Atlanta Motor Speedway will become a safe-driving training ground for teenagers and their parents, Saturday. The Special Operations Division of the Henry County Police Department will host the SafeAmerica Foundation's 6th Annual Teen Driving Academy.
By Elaine Rackley
There were 7,281 accidents on the roadways of Henry County last year. Nearly 3,000 of them involved inexperienced, or distracted drivers. Tweny-nine people died, and 11 of them were under the age of 23, according to police. Saturday, in an effort to improve these statistics, a safe-driving academy will be held for young people at the Atlanta Motor Speedway.
The Special Operations Division of the Henry County Police Department (HCPD) will host the SafeAmerica Foundation's 6th annual Teen Driving Academy.
Safe-driving training gets underway at 8 a.m., and will continue until 2:30 p.m.
"The Henry County Police Department is committed to reducing teen driving accidents and the injuries or deaths that can be the end result," said Henry County Police Chief Keith Nichols. "One of our goals is that this event will illustrate to teens how serious and lasting the effects of decisions they make while driving can be. It takes time and experience to acquire good driving skills and habits, but many teens don't seem to grasp this.
"If you take the added potential [of] driving distractions out there, such as cell phones and texting, these are a definite recipe for a driving disaster," added Nichols. "Hopefully our teen participants will pay close attention to what the instructors are telling them, take heed and practice safe driving habits."
Teens, and their parents, will learn about Georgia's driving laws and the consequences of violating them, vehicle safety features and human input, as well as driver accountability in some traditional, and not-so-traditional forums.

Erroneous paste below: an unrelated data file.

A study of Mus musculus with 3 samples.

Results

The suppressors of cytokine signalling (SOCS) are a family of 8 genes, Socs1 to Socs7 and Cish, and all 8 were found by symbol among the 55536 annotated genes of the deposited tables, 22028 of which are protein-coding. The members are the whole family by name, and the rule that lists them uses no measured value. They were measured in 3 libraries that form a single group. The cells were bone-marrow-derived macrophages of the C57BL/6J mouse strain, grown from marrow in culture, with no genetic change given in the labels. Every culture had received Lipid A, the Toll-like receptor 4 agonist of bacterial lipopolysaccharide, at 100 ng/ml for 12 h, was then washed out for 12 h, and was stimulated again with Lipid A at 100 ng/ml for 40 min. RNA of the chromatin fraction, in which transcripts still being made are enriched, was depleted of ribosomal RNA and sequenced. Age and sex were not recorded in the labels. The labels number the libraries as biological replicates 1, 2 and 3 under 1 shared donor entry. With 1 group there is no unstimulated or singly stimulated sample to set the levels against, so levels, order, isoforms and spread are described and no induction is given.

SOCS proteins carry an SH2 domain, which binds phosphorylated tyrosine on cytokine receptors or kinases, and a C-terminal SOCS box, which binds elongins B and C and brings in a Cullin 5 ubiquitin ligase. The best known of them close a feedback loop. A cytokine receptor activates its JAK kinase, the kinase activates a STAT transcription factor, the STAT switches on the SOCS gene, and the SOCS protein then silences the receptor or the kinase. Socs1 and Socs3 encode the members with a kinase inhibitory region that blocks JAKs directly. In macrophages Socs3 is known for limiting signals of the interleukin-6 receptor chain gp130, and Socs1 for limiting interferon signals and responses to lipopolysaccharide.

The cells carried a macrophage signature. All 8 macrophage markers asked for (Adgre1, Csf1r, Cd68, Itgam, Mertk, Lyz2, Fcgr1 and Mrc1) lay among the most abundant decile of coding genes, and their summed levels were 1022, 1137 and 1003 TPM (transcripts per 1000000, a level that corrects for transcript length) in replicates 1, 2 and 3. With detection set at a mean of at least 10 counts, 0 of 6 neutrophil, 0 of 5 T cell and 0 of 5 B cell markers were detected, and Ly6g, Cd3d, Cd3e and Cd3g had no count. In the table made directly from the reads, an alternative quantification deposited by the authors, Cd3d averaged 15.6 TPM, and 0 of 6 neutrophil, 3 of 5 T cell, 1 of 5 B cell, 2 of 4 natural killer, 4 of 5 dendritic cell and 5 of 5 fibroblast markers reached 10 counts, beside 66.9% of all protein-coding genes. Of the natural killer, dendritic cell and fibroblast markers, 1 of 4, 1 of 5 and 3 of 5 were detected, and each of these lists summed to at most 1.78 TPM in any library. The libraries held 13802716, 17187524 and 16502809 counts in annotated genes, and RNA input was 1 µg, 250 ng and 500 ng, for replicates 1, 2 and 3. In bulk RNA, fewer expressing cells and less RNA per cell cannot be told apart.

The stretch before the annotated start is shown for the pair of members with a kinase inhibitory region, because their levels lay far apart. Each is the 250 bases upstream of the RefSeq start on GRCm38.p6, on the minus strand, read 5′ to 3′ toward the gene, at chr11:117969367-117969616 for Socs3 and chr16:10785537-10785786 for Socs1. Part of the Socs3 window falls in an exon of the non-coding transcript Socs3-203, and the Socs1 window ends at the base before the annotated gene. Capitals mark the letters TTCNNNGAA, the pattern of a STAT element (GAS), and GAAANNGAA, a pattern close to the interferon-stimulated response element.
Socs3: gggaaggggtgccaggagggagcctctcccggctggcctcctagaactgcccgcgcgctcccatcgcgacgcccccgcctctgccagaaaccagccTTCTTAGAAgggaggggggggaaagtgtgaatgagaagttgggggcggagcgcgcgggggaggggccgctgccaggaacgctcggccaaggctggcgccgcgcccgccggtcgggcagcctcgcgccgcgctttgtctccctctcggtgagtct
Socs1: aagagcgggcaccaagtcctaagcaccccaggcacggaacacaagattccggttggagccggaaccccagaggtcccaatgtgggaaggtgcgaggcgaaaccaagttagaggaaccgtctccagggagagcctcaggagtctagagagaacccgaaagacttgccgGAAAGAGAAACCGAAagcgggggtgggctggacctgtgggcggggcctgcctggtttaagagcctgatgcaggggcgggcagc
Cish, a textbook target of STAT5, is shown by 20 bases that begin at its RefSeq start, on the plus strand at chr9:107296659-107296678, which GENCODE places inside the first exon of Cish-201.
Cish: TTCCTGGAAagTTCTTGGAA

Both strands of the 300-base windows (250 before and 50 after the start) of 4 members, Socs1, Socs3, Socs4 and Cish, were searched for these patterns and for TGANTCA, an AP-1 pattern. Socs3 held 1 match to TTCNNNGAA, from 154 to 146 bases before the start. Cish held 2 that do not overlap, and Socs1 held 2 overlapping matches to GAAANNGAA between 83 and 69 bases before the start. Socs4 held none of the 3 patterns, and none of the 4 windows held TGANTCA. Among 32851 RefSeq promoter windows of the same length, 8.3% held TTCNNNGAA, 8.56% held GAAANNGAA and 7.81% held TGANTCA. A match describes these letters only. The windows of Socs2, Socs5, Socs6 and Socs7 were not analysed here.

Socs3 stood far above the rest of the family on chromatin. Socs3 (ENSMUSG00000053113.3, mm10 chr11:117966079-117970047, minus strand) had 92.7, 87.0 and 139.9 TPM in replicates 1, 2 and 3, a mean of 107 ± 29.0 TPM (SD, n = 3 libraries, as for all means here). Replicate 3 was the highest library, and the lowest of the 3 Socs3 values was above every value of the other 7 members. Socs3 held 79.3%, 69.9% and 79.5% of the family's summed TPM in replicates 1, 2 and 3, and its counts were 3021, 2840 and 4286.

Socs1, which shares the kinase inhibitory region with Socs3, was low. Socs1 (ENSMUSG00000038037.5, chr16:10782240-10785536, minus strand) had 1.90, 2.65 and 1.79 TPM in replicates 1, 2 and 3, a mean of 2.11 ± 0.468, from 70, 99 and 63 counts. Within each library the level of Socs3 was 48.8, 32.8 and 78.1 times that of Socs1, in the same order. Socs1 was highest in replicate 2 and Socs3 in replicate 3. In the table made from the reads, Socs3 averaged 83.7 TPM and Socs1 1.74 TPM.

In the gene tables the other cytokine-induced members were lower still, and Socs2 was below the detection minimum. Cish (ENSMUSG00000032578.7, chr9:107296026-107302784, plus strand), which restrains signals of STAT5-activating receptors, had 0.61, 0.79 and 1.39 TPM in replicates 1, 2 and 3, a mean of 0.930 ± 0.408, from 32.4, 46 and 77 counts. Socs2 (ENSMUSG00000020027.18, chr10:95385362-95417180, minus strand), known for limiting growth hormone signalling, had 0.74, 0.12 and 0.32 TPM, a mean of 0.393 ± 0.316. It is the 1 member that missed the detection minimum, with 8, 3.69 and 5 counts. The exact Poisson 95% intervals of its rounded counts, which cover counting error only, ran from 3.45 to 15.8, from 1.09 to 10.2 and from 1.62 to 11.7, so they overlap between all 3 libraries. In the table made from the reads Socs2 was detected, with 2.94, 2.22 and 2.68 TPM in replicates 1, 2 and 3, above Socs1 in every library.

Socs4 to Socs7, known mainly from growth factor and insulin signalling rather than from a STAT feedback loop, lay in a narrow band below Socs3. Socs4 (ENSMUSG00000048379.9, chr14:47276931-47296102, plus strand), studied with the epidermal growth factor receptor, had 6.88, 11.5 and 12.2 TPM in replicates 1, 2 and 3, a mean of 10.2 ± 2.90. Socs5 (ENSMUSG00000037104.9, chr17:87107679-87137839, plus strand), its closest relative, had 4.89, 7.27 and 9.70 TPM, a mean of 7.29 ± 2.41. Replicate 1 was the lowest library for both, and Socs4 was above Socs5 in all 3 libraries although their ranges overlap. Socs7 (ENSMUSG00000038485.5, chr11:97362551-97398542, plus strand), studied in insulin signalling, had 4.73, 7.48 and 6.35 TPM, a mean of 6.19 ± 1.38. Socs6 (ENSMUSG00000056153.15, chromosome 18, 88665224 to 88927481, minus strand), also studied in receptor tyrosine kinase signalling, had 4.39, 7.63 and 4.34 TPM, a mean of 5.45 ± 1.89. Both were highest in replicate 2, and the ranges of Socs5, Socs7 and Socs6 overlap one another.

Professional instructors, law enforcement personnel and other public safety agents will use methods of "pit stop" class instruction, as well as obstacle courses, that demonstrate the dangers of drinking while driving, and texting while driving.
There will be an interactive opportunity to experience the "blind spots" that a commercial truck driver experiences -- and how to ensure that you are seen; hazard recognition training for drivers at railroad crossings; and a rollover simulator that shows what happens when occupants do not wear seatbelts.
General admission for the event is $25, which includes admission for a teen, and an adult, and $10 for each additional attendee in the group.
Participating units within HCPD's Special Operations Division include the HEAT (Highway Enforcement of Aggressive Traffic) Unit, Motors Unit, Traffic Unit, and K-9 who will provide static and vehicle/equipment displays as well as a texting/driving course, an opportunity to see crash- scene reconstruction, and a demonstration by the K-9 Unit.
Fire and EMS personnel will join law enforcement in a large-scale reenactment of a major fatality accident, from first arrival on the scene to the loading of a coffin in a hearse.
"Many teens lose their lives needlessly from poor decisions made while behind the wheel," said Henry County Fire Department Captain Sabrina Puckett. "If we can make an impression upon just one teen driver, maybe we can prevent, at the least, one needless life lost."